Whether or not fathers talked with their daughters growing up about the consequences of sex impacts their opinion of 'Teen Mom' and '16 and Pregnant', according to a new study. Photo via kajrdj at SXC Photo
MTV’s hit reality programs ‘Teen Mom’ and ’16 and Pregnant’ have had a polarizing effect. It goes beyond a “love it” or “hate it” split, viewers and critics (some of which have never actually watched the programs) debate whether or not the shows glamorize teen pregnancy, or if they help to prevent teen pregnancy by showing how hard the struggle can be.
But what determines the way you perceive the shows when you watch them?
Paul Wright, an assistant professor of telecommunications at the Indiana University College of Arts and Sciences, conducted a study, which will appear in the journal Sexuality & Culture, looking for the answers.
When the programs were under development, MTV sought the consultation of The National Campaign to Prevent Teen and Unplanned Pregnancy. As such, one would imagine that the intent of the programming is to help prevent teen pregnancy. During each episode there is information on how to avoid teen pregnancy, which they remind viewers is “100 percent preventable”.
However, when Wright watched the shows himself, he felt that they sent mixed messages on teen pregnancy.
“The programs were developed to show young women how difficult it is to be a teen mom,” said Wright. “They were intended to be program-length public service announcements discouraging teen pregnancy.”
“But critics said the programs sent mixed messages. My viewing of the programs suggested the same,” Wright said. “On one hand, the programs do show many of the difficulties teen mothers face. But on the other hand, they sometimes seem to send the message that getting pregnant was all for the best.”
“The hypothesis driving our study was that the family background of the viewer might determine whether they focused on the negatives or the positives,” Wright said.
Wright collected data from 313 unmarried undergraduate students at two universities. About 40 percent were 19 or younger. About 75 percent were 21 or younger.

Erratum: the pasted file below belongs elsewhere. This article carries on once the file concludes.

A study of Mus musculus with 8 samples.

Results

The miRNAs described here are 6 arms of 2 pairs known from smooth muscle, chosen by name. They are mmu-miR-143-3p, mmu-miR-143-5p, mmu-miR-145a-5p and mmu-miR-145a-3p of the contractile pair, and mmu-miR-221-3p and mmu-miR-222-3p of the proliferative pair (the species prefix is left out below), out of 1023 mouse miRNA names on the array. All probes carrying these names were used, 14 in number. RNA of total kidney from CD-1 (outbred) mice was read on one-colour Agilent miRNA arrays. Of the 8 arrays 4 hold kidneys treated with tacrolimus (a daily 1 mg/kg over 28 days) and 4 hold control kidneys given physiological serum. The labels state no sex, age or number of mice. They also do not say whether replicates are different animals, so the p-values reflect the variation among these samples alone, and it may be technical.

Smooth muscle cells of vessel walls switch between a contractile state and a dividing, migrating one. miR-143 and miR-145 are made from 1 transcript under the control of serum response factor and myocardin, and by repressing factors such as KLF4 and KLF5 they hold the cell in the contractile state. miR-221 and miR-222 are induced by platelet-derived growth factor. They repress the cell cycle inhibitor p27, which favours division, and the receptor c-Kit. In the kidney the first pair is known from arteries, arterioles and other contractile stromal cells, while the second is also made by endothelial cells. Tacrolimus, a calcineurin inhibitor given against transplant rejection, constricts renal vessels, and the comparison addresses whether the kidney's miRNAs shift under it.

What Wright’s research revealed was that frequent viewers of the programs whose fathers often communicated about sex with them while they were growing up where least likely to have recently had sex, while those whose fathers rarely communicated with their daughters about sex while they were growing up were the most likely to have recently had sex.
Wright added, “Fathers who communicate with daughters about sex are especially apt to talk about the negatives of premarital sex, to speak of males’ propensity for placing sexual pressure on females, and to point out the consequences that result from the risky sexual behavior of others.”
“Females who have been regularly sent these types of messages should be especially likely to attend to the negatives of being a young mother depicted on ’16 and Pregnant’ and ‘Teen Mom,’” Wright said.
Although no interaction was found in the study between mother-daughter sexual communication, viewing frequency and recent intercourse behavior, it doesn’t mean that those communications are not important or have no impact.
“In this study, there was only what we call an ‘interaction’ for fathers,” Wright said. “But this doesn’t mean that mother-daughter communication is irrelevant. There are other studies showing that the more moms communicate about sex, the less likely it is their daughters will either have sex or engage in risky sex.”
Co-authors on the paper are Ashley K. Randall, a Ph.D. candidate in family studies and human development, and Analisa Arroyo, a Ph.D. candidate in communication, both at the University of Arizona.